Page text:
Dover’s dodgy defector

Keir Starmer’s acceptance of hard-right Natalie Elphicke into the Labour party has shocked and dismayed many. East Kent resident Danny Bee explains why he’s not happy at having her as his Labour MP.

Dover graffiti – picture by Danny Bee

For its relatively small size (about 40,000 people), the town of Dover is internationally known. It’s Britain’s busiest ferry port handling over £144bn worth of trade a year, and 33 percent of trade with the EU. It also has a large cruise terminal, a yacht marina and general cargo facilities. Apart from this plugged-in connection to world trade, the town itself is a microcosm of much of Britain.

The high street is run down and full of empty shops, but there’s a new shopping centre round the corner with Marks & Spencer, Next, Nandos and a multiplex cinema. There is a chronic shortage of housing and some of the rental sector is expensive and poor quality. And then there are streets full of grand terraces and some lovely arts and crafts style individual houses.

There is a local economy of maintenance work, retail, warehousing, the public sector, port jobs, a factory that makes components for the military, and low paid factory jobs on the outskirts of the town (one makes sandwiches for M&S). The adverts in the local job agencies make grim reading in terms of the low level of the hourly pay. There are people living in the town from all over Europe, some working in the care sector for minimum wages and others working in the agricultural sector in harsh conditions.

There are people ground down by the oppressive business of capitalism and there are people who keep the place going with hours of unpaid and voluntary work in art projects, food banks, providing services for young people and much else. It’s the sort of place – like many other parts of Britain – that could do with some tender loving care, politicians who understand the problems and want to solve them, and a bit more proper democracy so that local people get a real say in what goes on. Instead, we have Natalie Elphicke.

It is difficult to know where to start. She is a deeply unpopular local MP and seen by many as the usual toxic mix of self-serving, dog whistling, culture warrior Tory. She is silent for long periods of time and is easily forgotten. And then she will pop up and start ranting about refugees crossing the channel. And then she disappears once more. Now she is in the national news but for all the wrong reasons. It is possible – and many locals hope – she will disappear again.  Speculation is that she is out to save her skin. This would be in keeping with her politics and personality. But where does this leave Dover (and Deal, the former mining and fishing town. which she also allegedly represents)?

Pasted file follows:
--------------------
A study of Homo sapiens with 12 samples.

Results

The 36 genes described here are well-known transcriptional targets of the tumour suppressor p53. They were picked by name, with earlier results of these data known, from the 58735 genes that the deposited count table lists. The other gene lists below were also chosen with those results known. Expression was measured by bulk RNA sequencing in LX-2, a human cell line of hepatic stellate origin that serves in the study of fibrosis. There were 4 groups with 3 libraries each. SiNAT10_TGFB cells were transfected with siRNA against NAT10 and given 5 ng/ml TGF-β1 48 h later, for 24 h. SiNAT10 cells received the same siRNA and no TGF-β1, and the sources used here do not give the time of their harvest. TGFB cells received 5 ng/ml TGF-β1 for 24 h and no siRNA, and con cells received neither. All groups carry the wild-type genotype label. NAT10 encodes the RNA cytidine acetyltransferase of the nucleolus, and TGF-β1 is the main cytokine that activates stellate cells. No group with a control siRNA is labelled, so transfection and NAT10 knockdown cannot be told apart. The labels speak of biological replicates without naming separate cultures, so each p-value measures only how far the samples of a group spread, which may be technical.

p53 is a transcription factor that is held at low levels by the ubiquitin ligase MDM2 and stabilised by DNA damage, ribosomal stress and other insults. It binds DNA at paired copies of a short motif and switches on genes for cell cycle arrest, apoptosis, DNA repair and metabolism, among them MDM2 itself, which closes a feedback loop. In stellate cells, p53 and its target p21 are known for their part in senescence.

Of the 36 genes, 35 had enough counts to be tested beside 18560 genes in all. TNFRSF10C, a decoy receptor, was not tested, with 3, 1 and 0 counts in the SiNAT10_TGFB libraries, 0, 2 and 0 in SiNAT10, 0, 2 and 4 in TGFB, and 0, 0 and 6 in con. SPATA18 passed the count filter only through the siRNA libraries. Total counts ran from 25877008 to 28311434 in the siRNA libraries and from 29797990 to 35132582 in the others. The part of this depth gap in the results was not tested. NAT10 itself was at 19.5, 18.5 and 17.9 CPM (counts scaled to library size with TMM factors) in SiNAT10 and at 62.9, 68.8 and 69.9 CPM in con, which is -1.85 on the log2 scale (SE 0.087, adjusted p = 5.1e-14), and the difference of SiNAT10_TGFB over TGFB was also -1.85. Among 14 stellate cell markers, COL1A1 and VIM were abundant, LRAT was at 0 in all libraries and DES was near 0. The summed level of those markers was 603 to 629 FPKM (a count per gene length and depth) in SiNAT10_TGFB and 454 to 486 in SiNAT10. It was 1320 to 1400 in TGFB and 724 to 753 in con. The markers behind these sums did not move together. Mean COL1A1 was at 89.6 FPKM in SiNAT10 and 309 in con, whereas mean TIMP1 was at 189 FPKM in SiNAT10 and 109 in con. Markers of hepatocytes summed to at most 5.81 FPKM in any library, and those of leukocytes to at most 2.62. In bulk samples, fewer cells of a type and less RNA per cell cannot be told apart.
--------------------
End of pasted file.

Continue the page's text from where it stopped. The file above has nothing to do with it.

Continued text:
To be fair, Dover has recently received £20 million as part of the levelling up fund. To be critical, it is nothing like enough, and does very little to address the raft of problems in the town. None of the stuff that matters on a day to day basis – caps on energy prices, rent controls, protection from evictions, the availability of NHS dentists, access to mental health support, the nationalisation of the local train services, reducing air pollution, is being addressed. And Kier Starmer has made it clear that these will not be addressed. So Elphicke’s march across the floor of the House of Commons from one ‘side’ to the other ‘side’ isn’t that much of a distance at all.

Seeing her wrapped in the union flag with Labour branding is one of the most surreal things many of us have seen for some time. And yet in a way it encapsulates what the political layer in Britain has become. A peculiar version of Tik-Tok where angry politicians shout at each other in public but actually agree on most things. A consensus among the majority of elected politicians that privatisation is here to stay, that the NHS will be further sold, that water companies will be allowed to continue to pay out super profits while incurring super debts and pollute the rivers and seas. Where hundreds of schools face the dangers of poor quality concrete, but private mega-office blocks will be granted tax concessions and state support. Where corruption at the top goes unpunished but disabled people are frightened and bullied into giving up what little benefits they receive.

Elphicke has revealed what she is; but we already knew. It is Starmer who has revealed more. As we approach the inevitable election there will be more false dramas created by Tory self-seekers, and Starmer will bend over even further to kiss his own backside. Times are going to be tough, comrades. But the political edifice of the ruling class in Britain is wobbling. And listening to local people, full of anger at Elphicke, furious at the inaction over Gaza, fed up to the back teeth of the endless lying and chicanery of the Tories, the crumbling state of so much, the sense that nothing ever gets done or changes for the better, and the pathetic ineptitude of Labour, more space is opening up for socialist ideas and organisation to thrive. For the revolutionary left at this time, the watchwords may be those of Danton: ‘Audacity, more audacity, always audacity’.